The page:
The St. Alban’s Psalter
Images like songs
The most popular text of the Middle Ages
During the Middle Ages, the Psalms belonged to the most widely known and most popular texts of Biblical literature, both in the private and in the ecclesiastical realms. They were recited daily by both clerics and the laity and even used in textbooks, for teaching children to read and write.
In addition to the 150 Latin Psalms (Gallican version), the calendar at the beginning and the litany and prayers at the end of the book, the St. Alban’s Psalter includes two further quite unusual texts: the Life of St. Alexius and a letter of Pope Gregory the Great in which he defends the variety of images as a teaching aid.
A de luxe manuscript intended for a lady
The manuscript was presumably commissioned by Geoffrey de Gorham, abbot of St. Alban’s, for Christina of Markyate, a close friend of his, to be executed by the scriptorium of St. Alban’s abbey near London.
Christina hailed from a wealthy Anglo-Saxon family and decided at a very early stage to dedicate her life to God – she fled from an arranged marriage and withdrew to a hermitage near Markyate. There she got to know Geoffrey who became her mentor and friend – a very special relationship to which we owe this unique Psalter manuscript.
46 lavishly painted pages and 214 vividly coloured historiated initials
The impressive picture cycle was created by the main artist of the Psalter, the “Alexius Master”. This tremendously rich sequence of scenes introducing the book is distinguished by strong body colour painting, and by elegant, extremely elongated figures that are mostly shown in profile. All miniatures are set in a golden frame, which is in turn filled with opulent meandering bands of a sheer incredible variety.
The illustrations are the oldest surviving examples of book painting from the English Romanesque period. The narrative style of the pictures and the depictions in profile suggest that the artist had religious drama in mind. All 46 miniature pages bear testimony to a successful iconographic symbiosis of Anglo-Saxon, Ottonian and Byzantine art, combined with a creative urge for independent artistic expression.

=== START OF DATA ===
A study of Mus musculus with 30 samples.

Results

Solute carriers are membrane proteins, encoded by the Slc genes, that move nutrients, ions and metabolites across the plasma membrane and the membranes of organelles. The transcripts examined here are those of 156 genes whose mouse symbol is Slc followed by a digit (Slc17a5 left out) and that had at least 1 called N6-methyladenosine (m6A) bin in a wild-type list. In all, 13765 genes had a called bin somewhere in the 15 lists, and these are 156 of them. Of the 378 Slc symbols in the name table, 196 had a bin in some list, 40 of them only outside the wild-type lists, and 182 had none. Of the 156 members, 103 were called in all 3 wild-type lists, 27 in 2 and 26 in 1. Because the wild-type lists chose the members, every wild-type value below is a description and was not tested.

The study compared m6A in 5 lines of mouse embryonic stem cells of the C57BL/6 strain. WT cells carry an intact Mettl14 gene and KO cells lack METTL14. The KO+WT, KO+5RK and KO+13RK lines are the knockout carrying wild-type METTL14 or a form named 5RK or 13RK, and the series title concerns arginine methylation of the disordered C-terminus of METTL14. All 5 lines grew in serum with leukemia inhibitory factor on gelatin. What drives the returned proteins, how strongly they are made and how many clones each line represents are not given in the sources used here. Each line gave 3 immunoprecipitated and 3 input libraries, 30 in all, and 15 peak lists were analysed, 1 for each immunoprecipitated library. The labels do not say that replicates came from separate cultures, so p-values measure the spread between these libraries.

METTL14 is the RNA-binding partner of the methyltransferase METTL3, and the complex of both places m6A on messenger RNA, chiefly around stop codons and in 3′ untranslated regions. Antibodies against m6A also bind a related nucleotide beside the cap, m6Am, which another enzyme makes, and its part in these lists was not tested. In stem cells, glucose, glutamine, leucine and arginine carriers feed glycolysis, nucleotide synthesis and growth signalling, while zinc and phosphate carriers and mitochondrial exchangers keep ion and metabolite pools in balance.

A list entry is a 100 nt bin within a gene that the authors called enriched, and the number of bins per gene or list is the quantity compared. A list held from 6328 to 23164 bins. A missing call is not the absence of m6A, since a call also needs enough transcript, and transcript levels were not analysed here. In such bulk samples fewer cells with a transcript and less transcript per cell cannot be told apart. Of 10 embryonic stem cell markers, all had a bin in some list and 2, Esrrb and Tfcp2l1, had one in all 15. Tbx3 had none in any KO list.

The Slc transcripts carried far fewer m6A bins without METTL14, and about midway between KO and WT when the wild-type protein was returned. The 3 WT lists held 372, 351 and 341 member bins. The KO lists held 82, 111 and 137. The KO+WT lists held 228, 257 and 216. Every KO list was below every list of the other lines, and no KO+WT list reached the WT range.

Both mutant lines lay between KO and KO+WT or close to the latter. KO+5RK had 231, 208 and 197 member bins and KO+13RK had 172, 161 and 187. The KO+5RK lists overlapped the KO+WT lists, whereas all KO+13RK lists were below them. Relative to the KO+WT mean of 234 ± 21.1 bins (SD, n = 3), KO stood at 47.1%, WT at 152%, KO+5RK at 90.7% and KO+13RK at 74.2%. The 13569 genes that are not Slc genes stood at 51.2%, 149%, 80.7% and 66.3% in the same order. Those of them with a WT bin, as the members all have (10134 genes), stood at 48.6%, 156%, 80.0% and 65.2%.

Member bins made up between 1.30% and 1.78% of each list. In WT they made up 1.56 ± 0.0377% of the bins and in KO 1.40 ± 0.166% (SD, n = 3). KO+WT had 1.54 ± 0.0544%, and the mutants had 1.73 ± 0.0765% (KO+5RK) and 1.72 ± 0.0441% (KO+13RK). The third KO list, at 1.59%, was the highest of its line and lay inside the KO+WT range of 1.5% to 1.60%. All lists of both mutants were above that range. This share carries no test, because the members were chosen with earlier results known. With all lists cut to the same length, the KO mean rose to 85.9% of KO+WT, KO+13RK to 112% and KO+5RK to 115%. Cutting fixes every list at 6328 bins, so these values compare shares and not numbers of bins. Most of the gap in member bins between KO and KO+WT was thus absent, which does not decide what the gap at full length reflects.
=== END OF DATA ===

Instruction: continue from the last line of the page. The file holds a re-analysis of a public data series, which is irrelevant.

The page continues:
In the execution of the 214 large-size historiated initials, the picture and the letter itself fuse into a new design. All Psalms are introduced by historiated initials, as are the ensuing chants, credos, litanies, and prayers. The combination of image and text displays an incredible creative power, making it even possible to illustrate the hidden message. The themes of the Psalms and of the ensuing texts are anticipated by small rubricated headings, frequently indicated by one of the initial figures in a gesture of demonstration.
A mileston in the history of
The St. Alban’s Psalter is among the most significant and richly decorated Psalter manuscripts and one of the finest volumes of English book illumination.
Both the dramatic expressiveness of the full-page miniatures and the powerful historiated initials, predominantly in half- or full-page format, indicate the beginning of a fascinating new artistic form of expression, which was marked by the sound of the Psalms.